It’s stop-motion animation, but co-directors Charlie Kaufman and Duke Johnson’s “Anomalisa” tells a decidedly human story of a morose middle-age man living an unhappy and unfulfilled life. Boohoo.
The main character, Michael Stone, is basically a big narcissistic and unlikable lump makes the premise of Kaufman’s script all the more engaging. Characters don’t have to be likeable to be interesting. But, the initial intrigue never pays off with something profound, leaving a feeling of indifference.
Michael, voiced with perfection by David Thewlis, is on a business trip to Cincinnati, Ohio to lecture about his best-selling customer-service book, “How May I Help You Help Them.” A sort-of industry rock star, it’s ironic that Michael has zero people skills, as evidenced by a cringe-inducing check-in to the Fregoli Hotel, amongst other awkward moments. So lonely and depressed is Michael that everyone in his world looks and sounds the same (Tom Noonan voices them all).
“Everything is just screwed up; there’s something wrong with me,” Michael tells another character.
You might feel pity for Michael if he wasn’t such a jerk. During the course of his business trip, he shares a few Belvedere martinis with the still-bitter ex-girlfriend he unexpectedly left. He’ll fight with his current wife, and his son will annoy him during a phone call home. He’ll top it off with a one-night stand with a “groupie,” a shy and gawky girl who suddenly doesn’t look or sound like everyone else. Her name is Lisa, and she is the anomaly in the title.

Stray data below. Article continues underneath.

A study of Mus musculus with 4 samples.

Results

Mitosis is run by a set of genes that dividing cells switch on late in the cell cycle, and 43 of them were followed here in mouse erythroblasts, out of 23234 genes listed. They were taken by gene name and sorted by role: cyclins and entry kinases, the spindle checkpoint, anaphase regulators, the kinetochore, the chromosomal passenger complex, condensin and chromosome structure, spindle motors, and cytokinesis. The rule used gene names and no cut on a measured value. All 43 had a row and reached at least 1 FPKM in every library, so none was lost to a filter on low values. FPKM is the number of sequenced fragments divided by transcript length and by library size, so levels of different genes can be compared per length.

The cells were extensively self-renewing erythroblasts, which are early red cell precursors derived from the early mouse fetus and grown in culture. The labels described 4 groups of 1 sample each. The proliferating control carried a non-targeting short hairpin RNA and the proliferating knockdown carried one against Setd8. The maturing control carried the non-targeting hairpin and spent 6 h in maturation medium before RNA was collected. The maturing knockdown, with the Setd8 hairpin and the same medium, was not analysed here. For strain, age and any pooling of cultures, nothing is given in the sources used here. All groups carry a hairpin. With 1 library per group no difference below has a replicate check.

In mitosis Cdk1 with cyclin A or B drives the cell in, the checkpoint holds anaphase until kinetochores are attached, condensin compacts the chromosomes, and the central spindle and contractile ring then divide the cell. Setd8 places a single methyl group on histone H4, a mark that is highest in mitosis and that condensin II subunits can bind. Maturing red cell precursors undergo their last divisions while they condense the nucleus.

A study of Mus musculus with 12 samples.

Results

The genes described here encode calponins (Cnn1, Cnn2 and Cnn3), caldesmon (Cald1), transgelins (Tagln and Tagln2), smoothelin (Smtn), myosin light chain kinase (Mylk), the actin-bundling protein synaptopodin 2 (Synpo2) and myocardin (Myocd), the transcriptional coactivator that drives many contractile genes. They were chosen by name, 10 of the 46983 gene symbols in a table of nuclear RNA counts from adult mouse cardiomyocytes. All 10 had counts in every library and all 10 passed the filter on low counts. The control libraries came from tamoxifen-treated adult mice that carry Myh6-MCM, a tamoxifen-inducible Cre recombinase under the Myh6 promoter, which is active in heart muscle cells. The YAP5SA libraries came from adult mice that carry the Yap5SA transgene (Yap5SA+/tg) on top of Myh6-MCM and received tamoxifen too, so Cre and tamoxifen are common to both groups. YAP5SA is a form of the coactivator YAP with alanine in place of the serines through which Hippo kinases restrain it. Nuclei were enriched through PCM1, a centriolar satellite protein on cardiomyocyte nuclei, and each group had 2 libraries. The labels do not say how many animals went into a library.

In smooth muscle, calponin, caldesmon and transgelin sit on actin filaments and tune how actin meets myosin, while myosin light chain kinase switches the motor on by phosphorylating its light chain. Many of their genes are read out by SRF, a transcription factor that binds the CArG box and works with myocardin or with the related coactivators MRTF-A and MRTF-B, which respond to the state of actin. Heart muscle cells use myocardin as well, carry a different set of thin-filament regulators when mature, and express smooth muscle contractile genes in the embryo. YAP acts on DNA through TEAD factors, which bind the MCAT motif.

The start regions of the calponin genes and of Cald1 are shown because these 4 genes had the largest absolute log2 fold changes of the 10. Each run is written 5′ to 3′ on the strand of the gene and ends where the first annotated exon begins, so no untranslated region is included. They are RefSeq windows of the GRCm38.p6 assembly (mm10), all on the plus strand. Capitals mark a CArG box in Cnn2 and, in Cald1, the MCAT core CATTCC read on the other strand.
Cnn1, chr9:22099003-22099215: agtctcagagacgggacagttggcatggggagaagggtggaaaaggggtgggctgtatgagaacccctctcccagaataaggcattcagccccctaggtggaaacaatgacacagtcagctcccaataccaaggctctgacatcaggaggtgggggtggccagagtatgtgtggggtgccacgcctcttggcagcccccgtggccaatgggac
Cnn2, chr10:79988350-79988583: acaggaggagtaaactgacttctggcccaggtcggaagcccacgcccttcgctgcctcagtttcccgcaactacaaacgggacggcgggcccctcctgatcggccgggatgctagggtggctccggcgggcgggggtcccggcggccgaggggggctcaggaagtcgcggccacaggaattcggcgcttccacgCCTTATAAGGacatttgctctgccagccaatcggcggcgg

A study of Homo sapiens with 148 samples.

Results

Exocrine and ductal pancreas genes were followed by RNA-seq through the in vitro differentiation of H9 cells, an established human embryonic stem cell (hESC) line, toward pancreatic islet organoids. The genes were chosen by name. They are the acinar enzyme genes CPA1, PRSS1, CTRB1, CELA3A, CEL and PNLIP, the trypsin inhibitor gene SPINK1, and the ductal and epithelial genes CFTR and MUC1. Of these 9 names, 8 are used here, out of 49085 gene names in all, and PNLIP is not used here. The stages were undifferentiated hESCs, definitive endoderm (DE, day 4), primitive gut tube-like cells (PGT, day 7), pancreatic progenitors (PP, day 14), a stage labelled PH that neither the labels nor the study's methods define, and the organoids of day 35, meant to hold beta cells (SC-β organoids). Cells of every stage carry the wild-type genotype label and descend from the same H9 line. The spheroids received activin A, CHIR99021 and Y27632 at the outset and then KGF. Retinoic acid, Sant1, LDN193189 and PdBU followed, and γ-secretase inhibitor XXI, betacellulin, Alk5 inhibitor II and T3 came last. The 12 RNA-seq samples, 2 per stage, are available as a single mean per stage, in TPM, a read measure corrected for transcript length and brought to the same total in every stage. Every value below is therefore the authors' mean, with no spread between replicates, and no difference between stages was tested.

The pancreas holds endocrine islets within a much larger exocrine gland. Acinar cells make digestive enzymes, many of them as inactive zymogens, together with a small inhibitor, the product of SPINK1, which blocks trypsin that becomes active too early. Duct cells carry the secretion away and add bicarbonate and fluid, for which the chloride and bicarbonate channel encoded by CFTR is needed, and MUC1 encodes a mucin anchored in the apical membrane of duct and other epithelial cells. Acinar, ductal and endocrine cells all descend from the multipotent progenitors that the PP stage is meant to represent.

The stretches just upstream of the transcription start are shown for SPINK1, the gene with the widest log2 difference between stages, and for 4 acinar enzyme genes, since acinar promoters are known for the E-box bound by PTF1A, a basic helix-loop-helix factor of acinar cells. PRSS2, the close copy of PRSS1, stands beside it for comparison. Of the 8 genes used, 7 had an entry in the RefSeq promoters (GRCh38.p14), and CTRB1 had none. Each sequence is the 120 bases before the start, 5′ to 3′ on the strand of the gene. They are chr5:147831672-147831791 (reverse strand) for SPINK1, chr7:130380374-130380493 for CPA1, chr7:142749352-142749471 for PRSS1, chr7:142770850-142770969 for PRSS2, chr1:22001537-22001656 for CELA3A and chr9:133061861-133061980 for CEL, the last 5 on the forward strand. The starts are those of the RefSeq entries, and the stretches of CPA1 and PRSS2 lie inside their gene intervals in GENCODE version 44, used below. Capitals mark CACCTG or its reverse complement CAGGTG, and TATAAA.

In a 180 degrees twist away from her feral “Hateful Eight” character, Jennifer Jason Leigh imbues Lisa with the sweetness for which Michael may be searching to offset his sourness. She gives the movie a soul. A night of passionate puppet sex ensues. The yin-and-yang thing works well. Until it doesn’t.
Kaufman, best known as the eclectic genius behind such mind-bending endeavors as “Adaptation” and “Being John Malkovich,” does not flesh out the character of Michael with any shape or form. He starts out a jerk and finishes a jerk. What’s more disappointing is the ease in figuring out where a Kaufman flick is going long before you reach the destination. This psychological exploration of loneliness and longing is pretty standard fare. It’s not the kind of depth Kaufman is capable of. But middling Kaufman is better than most anything out there.
The animation is a clever gimmick, making “Anomalisa” a different and worthwhile cinematic experience, as Michael likely would believe, when everything is the same.
Featuring the voices of David Thewlis, Jennifer Jason Leigh and Tom Noonan.
Directed by Charlie Kaufman and Duke Johnson
Dana Barbuto may be reached at email@example.com or follow her on Twitter @dbarbuto_Ledger.